A palindromic ILS service layer

pp.pngMaybe we need an ILSSLI. That’s ILS Service Layer Interfaces, or maybe ILS Service Layer Initiative.
Lots of things have come over my horizon recently where interesting interfaces are talking to the integrated library system in the background. Here are some:

  • There is the much lauded NCSU catalog which needs to communicate with ILS data and services. It is likely that other configurations of this pattern will emerge, where libraries source discovery functionality separately from the ILS.
  • There is the very nice Greasemonkey experiments of Dave Pattern, surfacing catalog information in the Amazon interface. Richard Wallis also shows some Greasemonkey scripts in action where library functionality is presented in Amazon.
  • OpenWorldCat and RedLightGreen interact with library systems.
  • Close by, Thom has been working to bring up the Phoenix Public Library catalog data in his classified/frbrized livesearch interface. He needs to drop into the Phoenix catalog at various stages if he is to provide a fully featured experience.
  • John Blyberg has described a REST interface to his system (see the interesting discussion in the comments to this post). He has also intriguingly suggested that he plans to build APIs to which his patrons might write applications.

We are seeing a growing need to be able to interact with the ILS in various ways, so that some functionality can be placed in another interface – to show status of an item, to place a hold, to do lots of things. Interestingly, many of these are examples of the need to interact between a backend system and a loosely coupled discovery engine. Now, we have some existing protocol-based approaches which are variably implemented. And we have a range of local fixes, proprietary deep-linking syntaxes, brittle scraping, and so on.
Maybe it is time to think about defining a service layer to the ILS that would allow some of these things to be done in more routine ways, and which increases the portability and scope of current solutions.
Clearly there is much that could be contributed to this exercise. And many organizations, including OCLC, have requirements in this area. In the long term there would be benefits in some consistent lightweight approaches, potentially alongide the existing B2B style approaches that rely on our well established protocols. Maybe this is something that might be moved forward in the VIEWS intiative? Given that various ILS suppliers and others come toghether there.
Related entry:

6 thoughts on “A palindromic ILS service layer”

  1. It’s not just ILSes. I need to be able to swap data around among DSpace and Open Journal Systems and you-name-it, and the interfaces just aren’t there. (OAI-PMH is no good if what you need is to link to the actual file…)
    Not that I think the ILS puzzle-piece isn’t vital. I just hope for a wider perspective.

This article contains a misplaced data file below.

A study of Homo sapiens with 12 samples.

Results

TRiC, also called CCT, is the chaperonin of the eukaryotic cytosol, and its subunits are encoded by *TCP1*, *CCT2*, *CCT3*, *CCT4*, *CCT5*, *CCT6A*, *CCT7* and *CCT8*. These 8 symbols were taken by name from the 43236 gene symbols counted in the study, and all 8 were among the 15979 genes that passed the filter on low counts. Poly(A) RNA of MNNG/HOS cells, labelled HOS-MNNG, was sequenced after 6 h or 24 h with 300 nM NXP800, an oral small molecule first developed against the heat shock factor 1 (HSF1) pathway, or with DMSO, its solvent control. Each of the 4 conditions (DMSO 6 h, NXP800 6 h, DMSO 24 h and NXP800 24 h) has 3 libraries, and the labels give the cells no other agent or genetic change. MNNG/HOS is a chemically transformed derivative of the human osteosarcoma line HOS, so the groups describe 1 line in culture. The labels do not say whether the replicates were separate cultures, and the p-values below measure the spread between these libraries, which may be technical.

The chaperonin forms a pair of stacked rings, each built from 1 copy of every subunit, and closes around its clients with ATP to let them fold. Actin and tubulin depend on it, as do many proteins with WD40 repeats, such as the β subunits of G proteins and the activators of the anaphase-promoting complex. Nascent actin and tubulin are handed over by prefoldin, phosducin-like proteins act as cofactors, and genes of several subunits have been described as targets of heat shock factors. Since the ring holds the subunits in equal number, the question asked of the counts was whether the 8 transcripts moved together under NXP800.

2. Sure – there are lots of places where we lack a sense of which services would be useful and how we should implement them.
    I think that it is dangerous trying to do to much in any single context. The ILS environment is unified by having a small number of vendors, and by having mature well-understood functionality. It would be nice to think that you could make some progress quickly under these circumstances.

  3. I’m building some interfaces – a mini-opac of my own, in some sense – on top of the REST interfaces that John Blyberg is creating at the Ann Arbor District Library. So far I have it generating pages that look suspiciously like card catalog cards, and today I added support for COINS.
    I think but I’m not sure that the work would be readily adaptable to any library that has a SRU interface with a Dublin Core profile. Alas, I don’t have borrowing privileges at any library like that.

  4. A use-case came up today at a consortium meeting that you may be interested in. One of the institutions hosting ETDs in a consortial DSpace repository wants to grab ETD metadata out of DSpace into Connexion (specifically, but obviously other ILS cataloguing modules are implicated too) for further enrichment and OPAC searchability.
    Ideally, the metadata would flow two ways — the submission metadata into Connexion, and the enriched metadata back into DSpace.
    As things stand now, this can’t be done without a lot of plumbing — an OAI harvester to get the metadata, then a crosswalk, then an import.

  5. To Dorothea and all you others who want DSpace to interoperate with other systems,
    check out the lightweight network interfact that’s just about ready to go… http://wiki.dspace.org/LightweightNetworkInterface
    It’s Web Services (both flavors) via WebDAV for your basic put/get operations. If you need this sort of functionality, don’t be shy to offer your help with testing, debugging, and extending it!